The school prepares neurodivergent artists for employment in the entertainment industry through a combination of technical training, hands-on experience, and career planning, using technology provided through Apple’s community grants program. Alumni have landed jobs at top companies like Marvel, Nickelodeon, and Cartoon Network.
“Exceptional Minds is so unique in the way it works with students on the autism spectrum,” said Tim Dailey, the school’s academic dean and director of academic programs. “We want to create a world where a student on the spectrum is recognized for their talents and not the challenges they face.”
The three-year program gives students the freedom and flexibility to learn at their own pace, using a non-traditional methodology that sets it apart from other schools. Apple marked Exceptional Minds along with some of the student’s stories.
A student, Angela Ibarra, always knew she wanted to be an artist. She is in her first year at Exceptional Minds learning how to render motion graphics, participating in figure drawing classes and other creative labs.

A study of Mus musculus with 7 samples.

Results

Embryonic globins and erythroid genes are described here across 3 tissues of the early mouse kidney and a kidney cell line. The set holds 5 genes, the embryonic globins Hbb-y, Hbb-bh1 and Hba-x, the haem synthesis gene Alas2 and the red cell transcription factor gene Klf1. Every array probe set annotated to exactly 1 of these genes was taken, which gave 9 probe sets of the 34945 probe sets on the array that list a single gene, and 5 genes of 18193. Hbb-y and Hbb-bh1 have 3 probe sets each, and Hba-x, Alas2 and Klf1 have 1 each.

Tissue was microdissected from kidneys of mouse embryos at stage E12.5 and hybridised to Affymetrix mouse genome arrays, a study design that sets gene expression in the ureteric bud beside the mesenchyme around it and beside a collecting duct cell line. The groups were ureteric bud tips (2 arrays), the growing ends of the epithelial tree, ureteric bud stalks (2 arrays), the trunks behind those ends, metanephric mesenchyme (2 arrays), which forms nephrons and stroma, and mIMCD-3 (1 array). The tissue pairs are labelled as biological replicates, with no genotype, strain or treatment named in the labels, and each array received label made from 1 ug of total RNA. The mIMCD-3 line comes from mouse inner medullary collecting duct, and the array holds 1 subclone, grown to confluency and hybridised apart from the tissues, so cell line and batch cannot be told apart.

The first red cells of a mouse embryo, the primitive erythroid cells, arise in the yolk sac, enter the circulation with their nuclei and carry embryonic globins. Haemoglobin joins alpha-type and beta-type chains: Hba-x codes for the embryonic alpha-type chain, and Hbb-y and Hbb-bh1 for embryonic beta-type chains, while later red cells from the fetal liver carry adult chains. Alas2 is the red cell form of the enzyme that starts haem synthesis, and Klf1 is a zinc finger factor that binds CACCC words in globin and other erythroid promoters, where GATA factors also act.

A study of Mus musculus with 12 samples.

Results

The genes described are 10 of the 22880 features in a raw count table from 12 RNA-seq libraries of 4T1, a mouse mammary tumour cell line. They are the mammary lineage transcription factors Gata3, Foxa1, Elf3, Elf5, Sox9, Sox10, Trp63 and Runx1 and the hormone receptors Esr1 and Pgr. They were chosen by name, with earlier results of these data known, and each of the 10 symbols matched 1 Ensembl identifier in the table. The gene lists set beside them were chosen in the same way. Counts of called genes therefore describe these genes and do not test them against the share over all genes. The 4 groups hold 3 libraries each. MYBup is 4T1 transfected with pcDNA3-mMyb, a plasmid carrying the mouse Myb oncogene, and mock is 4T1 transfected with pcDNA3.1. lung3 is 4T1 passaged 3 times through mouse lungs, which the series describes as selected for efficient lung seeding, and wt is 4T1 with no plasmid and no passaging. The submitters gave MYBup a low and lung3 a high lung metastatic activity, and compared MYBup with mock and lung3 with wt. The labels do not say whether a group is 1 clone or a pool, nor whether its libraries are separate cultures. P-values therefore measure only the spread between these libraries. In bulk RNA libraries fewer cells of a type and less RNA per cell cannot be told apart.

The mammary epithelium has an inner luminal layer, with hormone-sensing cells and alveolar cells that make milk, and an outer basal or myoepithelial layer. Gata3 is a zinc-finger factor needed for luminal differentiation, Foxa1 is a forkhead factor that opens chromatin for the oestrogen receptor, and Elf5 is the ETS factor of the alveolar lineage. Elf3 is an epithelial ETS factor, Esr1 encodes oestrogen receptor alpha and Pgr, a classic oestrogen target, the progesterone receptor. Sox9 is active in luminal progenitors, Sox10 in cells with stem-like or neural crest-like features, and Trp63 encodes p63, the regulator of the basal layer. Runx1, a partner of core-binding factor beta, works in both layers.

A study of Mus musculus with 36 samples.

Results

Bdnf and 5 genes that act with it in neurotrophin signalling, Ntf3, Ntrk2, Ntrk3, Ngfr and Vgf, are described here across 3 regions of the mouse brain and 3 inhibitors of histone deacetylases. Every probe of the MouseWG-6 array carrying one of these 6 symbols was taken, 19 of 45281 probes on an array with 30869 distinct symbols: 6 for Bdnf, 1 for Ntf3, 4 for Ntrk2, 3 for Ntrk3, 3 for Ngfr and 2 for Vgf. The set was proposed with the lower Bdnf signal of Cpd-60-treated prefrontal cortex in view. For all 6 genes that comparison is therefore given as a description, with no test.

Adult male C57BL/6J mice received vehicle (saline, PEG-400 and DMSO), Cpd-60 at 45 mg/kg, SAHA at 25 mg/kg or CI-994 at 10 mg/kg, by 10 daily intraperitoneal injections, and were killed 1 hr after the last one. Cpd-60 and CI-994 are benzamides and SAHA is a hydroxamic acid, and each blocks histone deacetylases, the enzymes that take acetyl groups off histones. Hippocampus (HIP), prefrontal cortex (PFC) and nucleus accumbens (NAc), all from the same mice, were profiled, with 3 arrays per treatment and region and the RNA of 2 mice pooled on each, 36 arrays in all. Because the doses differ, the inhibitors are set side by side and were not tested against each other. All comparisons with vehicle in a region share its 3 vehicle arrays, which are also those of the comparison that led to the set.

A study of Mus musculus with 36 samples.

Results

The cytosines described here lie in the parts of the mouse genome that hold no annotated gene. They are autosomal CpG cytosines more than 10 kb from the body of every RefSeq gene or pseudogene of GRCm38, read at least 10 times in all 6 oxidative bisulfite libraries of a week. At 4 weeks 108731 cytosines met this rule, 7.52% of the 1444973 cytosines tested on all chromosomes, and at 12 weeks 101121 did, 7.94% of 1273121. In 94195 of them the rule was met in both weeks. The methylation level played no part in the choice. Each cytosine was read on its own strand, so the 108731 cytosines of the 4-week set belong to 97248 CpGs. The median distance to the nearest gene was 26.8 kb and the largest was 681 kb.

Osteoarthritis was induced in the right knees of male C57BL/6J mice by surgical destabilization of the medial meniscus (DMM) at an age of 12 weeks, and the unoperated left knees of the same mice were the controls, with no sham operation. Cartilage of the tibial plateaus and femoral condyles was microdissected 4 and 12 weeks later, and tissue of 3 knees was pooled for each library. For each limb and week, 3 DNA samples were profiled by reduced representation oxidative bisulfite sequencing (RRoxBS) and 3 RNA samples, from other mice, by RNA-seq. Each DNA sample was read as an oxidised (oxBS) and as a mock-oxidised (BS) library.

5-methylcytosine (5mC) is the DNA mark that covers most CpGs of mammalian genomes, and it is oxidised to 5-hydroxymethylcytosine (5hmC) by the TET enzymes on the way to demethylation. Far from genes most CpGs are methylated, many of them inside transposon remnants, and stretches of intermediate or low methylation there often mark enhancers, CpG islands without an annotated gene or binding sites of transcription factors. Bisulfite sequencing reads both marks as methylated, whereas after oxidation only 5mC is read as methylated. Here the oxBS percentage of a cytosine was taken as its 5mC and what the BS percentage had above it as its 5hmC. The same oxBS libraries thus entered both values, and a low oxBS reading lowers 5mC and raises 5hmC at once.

“My head has always been very creative — endless,” Ibarra explains. “I thought, ‘I have to put this on paper and make it come to life.’ I draw things and it becomes what it wants.”
Matthew Rohde, a second-year student, wants to start a career in visual effects or motion graphics.
“VFX work is like a puzzle: it’s fun to see how everything fits together and what you need,” he explains. “Sometimes it can look a little complicated, but it’s still satisfying when something looks good.”
In addition to their technical education, students follow three years of vocational training. It includes a Career Realities track that enhances their resumes, portfolio building, career planning, interviewing and other life skills.
Students begin to build relationships with employers through mentorship and internship programs, and those employers begin to learn about their needs or work styles.
“Our artists are learning how to hone their voices so they can get better opportunities and better network,” adds Jerome. “We’re not changing their stories, we’re just making it possible for people to see their stories.”